Sunday, March 4, 2012

Infographic: Top 5 Twitter Mistakes Writers Make

Fail whale moments for freelancers.
Freelancing Fail Whale

What writer doesn't look back on their first few days of tweets and cringe? I sure do. Here's a chance to look back and laugh at the mistakes we made before getting the hang of the Twitterverse. For new tweeps, take this as an opportunity to shorten your learning curve.

*Infographic after the article.

5. Irrelevance & Obscurity

Twitter isn't the social network to go to the artsy outfield. If you aren't tweeting something relevant or current, you aren't going to be relevant to the medium. Attention spans are short and no one is going to follow your storyline 140 characters at a time. There could be 50 tweets in between each one. Who could keep up with that? So save your novel excerpts for your blog or website, where they'll be
more appreciated.

4. Arrogance

Unless your name is Justin Bieber, Ashton Krutcher, Barack Obama, Lady Gaga, Alyssa Milano or any other celeb with millions of followers, Twitter isn't the place to indulge your ego. And you know what? Even those listed show a little humility in their tweets. People want to interact, not take decrees of opinion from some obscure writer on an ego trip.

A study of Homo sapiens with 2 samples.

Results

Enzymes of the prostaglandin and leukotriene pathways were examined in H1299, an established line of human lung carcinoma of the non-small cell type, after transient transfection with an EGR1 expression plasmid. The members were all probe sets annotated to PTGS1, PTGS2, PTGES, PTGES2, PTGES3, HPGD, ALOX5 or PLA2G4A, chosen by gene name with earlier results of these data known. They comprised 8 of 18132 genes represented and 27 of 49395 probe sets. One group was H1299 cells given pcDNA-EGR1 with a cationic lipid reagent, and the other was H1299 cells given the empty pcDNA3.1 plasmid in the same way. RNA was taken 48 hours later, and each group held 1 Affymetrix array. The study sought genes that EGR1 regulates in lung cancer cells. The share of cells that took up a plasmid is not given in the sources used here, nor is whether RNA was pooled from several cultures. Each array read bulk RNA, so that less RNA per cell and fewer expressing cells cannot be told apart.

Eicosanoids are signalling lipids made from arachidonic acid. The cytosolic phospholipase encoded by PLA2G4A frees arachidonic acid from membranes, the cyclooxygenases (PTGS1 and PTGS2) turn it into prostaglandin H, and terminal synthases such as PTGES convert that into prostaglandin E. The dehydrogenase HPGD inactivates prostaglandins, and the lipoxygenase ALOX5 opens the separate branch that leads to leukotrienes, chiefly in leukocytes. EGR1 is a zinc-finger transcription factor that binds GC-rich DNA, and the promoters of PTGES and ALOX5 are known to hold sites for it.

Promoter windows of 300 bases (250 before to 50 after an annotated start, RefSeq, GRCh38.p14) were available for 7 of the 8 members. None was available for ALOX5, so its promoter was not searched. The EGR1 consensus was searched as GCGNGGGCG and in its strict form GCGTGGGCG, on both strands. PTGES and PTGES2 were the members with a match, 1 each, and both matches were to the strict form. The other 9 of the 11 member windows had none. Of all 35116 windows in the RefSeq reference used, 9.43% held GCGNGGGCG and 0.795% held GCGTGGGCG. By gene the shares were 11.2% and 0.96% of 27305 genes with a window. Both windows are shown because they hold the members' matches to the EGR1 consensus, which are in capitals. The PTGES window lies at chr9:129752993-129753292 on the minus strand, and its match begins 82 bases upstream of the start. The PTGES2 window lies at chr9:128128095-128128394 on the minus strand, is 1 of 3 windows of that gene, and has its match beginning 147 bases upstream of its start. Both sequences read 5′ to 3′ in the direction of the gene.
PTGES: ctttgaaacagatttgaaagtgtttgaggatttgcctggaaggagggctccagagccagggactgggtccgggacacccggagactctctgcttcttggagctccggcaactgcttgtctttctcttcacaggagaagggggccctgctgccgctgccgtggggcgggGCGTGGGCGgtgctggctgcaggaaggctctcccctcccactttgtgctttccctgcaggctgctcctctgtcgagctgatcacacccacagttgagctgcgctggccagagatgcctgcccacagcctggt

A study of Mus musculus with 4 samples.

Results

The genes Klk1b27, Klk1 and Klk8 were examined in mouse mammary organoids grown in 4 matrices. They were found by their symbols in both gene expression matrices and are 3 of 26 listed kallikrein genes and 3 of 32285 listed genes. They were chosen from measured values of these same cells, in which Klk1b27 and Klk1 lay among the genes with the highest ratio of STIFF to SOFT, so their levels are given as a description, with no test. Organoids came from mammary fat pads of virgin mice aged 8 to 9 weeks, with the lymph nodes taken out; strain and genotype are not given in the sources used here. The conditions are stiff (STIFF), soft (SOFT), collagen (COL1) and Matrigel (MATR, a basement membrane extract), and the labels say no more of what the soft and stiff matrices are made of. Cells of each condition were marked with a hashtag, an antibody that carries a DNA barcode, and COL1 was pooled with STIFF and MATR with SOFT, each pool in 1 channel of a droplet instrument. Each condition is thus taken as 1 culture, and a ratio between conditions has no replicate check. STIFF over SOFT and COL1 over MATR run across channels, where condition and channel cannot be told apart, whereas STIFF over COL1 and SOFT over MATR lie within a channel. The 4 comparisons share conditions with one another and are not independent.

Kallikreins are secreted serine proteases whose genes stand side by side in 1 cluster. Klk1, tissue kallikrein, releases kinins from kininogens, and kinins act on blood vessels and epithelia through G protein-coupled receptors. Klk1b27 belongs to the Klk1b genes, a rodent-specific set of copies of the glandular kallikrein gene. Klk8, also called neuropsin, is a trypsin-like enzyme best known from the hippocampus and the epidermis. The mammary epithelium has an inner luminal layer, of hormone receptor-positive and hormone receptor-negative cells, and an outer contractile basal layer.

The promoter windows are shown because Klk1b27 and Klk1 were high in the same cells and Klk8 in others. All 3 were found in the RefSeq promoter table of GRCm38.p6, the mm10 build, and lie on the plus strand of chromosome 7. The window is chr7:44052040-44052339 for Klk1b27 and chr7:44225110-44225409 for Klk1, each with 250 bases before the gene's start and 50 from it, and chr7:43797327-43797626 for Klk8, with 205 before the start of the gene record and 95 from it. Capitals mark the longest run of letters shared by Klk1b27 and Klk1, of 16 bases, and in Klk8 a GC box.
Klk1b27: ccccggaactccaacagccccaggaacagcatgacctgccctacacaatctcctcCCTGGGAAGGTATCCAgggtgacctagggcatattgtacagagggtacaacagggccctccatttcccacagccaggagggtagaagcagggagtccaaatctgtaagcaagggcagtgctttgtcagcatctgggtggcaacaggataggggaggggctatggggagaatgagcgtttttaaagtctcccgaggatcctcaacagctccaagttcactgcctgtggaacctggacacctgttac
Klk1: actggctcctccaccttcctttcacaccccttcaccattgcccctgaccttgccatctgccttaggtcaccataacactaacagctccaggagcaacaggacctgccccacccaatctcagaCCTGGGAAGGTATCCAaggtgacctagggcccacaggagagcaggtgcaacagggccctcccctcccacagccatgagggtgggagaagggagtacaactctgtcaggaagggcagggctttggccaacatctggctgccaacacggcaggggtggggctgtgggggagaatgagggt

3. Wordiness

Twitter only allows 140 characters to get your thoughts out, but you really have less than that, if you want to leave room for people to respond. Think and tweet in headlines, not in-depth stories. Many writers go over the allotted character limit, making their tweets nonsensical when these get cut off. Plus, this breaks your links, which is frustrating.

2. OD on Hashtags

If you are using more than a few hashtags per tweet (or hashtags in every tweet) you look like a spam bot. You don't have to reach the whole world in one message. Keep it simple and, for goodness sake, human.

1. Dissing Clients

Nothing, I repeat, nothing good will come from trashing a client on Twitter. It doesn't matter if they haven't paid you, are being too needy or whatever the annoyance is. If they are a current client who pays, they will drop you. Bad client you're tossing? Doesn't matter. Some potential client will find that tweet and never hire someone so unprofessional. It's Twitter Karma--only put good thoughts out there concerning clients.
If you like this infographic, feel free to use it. Just make sure to link back to Tamara Writes. ( )

What are the biggest mistakes you have seen writers make on Twitter? 

Infogaphic credit: Tamara McRill 


  1. This is a great post, Tamara. Thanks so much for writing it. I suppose the thing that bugs me the most is when people do nothing but post links to their own work and never interact with or promote the work of other people. I tune those people out really fast!

    1. Thanks, Rebecca. That bugs me too--I think most of us gravitate towards people who interact.

  2. Great post. I especially like the "don't bash" idea because that can kill someone in any manner of social media.

  3. Twitter is my albatross - trying so hard to figure out the best way to fit it in!

  4. Love this post-- I basically just use Twitter like I'm chatting to my friends (no idea if that's a good thing). But it's so easy to make those mistakes. Plus spamming-- I'll immediately un-follow people who don't chat or make funny comments on Twitter but instead clog up my news feed with the same self-promoting links every five minutes.